Added Sep 18, 2012
London, United K...
This is a jumper out of Sylvia Cosh’s book of crochet jumpers from the 1980s. All her patterns tend to require large quantities of wool in multiple different colours, so while they must come rather expensive for anyone buying the ingredients from scratch, they are very useful for using up oddments left over from other people’s knitting!
The child’s “Balloons” pattern (the idea is that the jumper represents a flight of coloured balloons taking off into a midnight blue sky from left to right) is actually based on the same circular stitch as the Midnight Circles cardigan I made from the same book. The difference is that individual isolated roundels are worked in a contrast colour, rather than alternating rows. Since the two halves of each roundel are created as two separate rows, this means measuring out and cutting off enough wool to complete the second half of each ‘balloon’ at the time you complete the first half – in a couple of places I didn’t actually leave enough wool and the second half is minus a stitch where it ran out before the end, but fortunately this doesn’t show….
The pattern recommends a ‘light double-knitting’ thickness wool. As I only had ordinary double-knitting (and an assortment of scraps at that!) I had to alter the pattern to reflect the fact that I couldn’t make the gauge required: I ended up following the chart for the larger of the two sizes given in order to produce a jumper in the smaller size. I also omitted an extra half-row of roundels at the front neck to enlarge the opening for the child’s unusually large head.
This caused no end of problems. Because I was working from the chart for the other size, I ended up making the neck opening the same distance in from the left-hand side of the body on both front and back… but in fact this wasn’t quite central, and when I put the front and back together the two neck openings didn’t line up! Luckily the altered opening also turned out to be wildly too large (with each individual motif being so large, omitting even a single row has a massive effect) so I was able to ‘fill in’ the missing areas on either side of the neck until the two lined up.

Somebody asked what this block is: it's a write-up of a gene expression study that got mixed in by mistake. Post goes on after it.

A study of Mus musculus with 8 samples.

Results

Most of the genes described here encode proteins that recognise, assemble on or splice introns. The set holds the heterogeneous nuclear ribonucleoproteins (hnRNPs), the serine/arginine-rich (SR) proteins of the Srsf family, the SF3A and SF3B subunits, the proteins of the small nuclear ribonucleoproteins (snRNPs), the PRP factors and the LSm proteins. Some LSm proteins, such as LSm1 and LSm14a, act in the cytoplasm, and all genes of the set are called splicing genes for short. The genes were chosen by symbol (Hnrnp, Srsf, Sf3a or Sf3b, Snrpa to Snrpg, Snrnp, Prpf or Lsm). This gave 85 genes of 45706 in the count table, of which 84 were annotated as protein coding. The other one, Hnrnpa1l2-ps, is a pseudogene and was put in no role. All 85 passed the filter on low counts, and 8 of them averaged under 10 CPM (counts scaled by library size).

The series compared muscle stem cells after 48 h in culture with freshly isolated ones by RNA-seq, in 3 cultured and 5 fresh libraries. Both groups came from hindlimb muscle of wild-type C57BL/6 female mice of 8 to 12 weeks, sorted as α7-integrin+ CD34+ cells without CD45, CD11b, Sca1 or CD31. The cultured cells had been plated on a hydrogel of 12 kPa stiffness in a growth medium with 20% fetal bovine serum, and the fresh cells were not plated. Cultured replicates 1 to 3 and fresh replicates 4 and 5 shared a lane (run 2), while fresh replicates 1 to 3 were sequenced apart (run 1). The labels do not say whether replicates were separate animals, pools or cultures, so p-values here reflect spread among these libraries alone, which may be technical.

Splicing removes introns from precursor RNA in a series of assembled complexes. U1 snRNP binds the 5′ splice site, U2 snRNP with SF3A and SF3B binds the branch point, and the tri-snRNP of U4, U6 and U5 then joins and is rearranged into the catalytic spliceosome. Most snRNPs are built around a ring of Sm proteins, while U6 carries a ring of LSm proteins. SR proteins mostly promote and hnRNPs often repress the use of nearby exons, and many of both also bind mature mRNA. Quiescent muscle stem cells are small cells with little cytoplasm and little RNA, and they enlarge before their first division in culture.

The sleeves also came out about 4 inches too short (looking at the pattern photo, I think this was a design decision, but the child wanted full-length), so I had to add on two further rings of motifs around the ends of the sleeve openings. Fortunately the motifs are basically square, so I was simply able to work at right-angles over the ends of the sleeves rather than having to extend each row individually by a small amount – this is the great advantage of crochet over knitting in such a situation.
I didn’t have quite enough of the basic navy colour to start off with, so used a slightly different navy for the final row along the tops of the sleeves. After all this alteration, I ended up using the different colour for the ends and cuffs of the sleeves and for filling in the neck as well! It is just visible in the photo with the folded sleeves – slightly more visible in real life, but luckily the little boy doesn’t mind, and the bright colours and striking texture of the pattern distract from it. As you can see, the neckline is still very big (it needs to be pretty large to fit over his head, but not as large as all that), but at least it isn’t falling off his shoulders any more…
4mm crochet hook. Lots of random acrylic scraps!
One of the most beloved American designers passed last night. We look back at a few of his designs.
Fashion & Trends
Shop top selling silk patterns, just in time for Thursday's web seminar.
Dress up outerwear with deep shawl collars and sew up a lovely fitted dress with a flounced hemline.
Comment To Win
Share your top fabric care tips for a chance to be in the magazine, and to get the issue for free!
See one of the techniques you'll learn in November's Fabric Design course.
You must allow our "request for permission" request to login to Burdastyle with Facebook.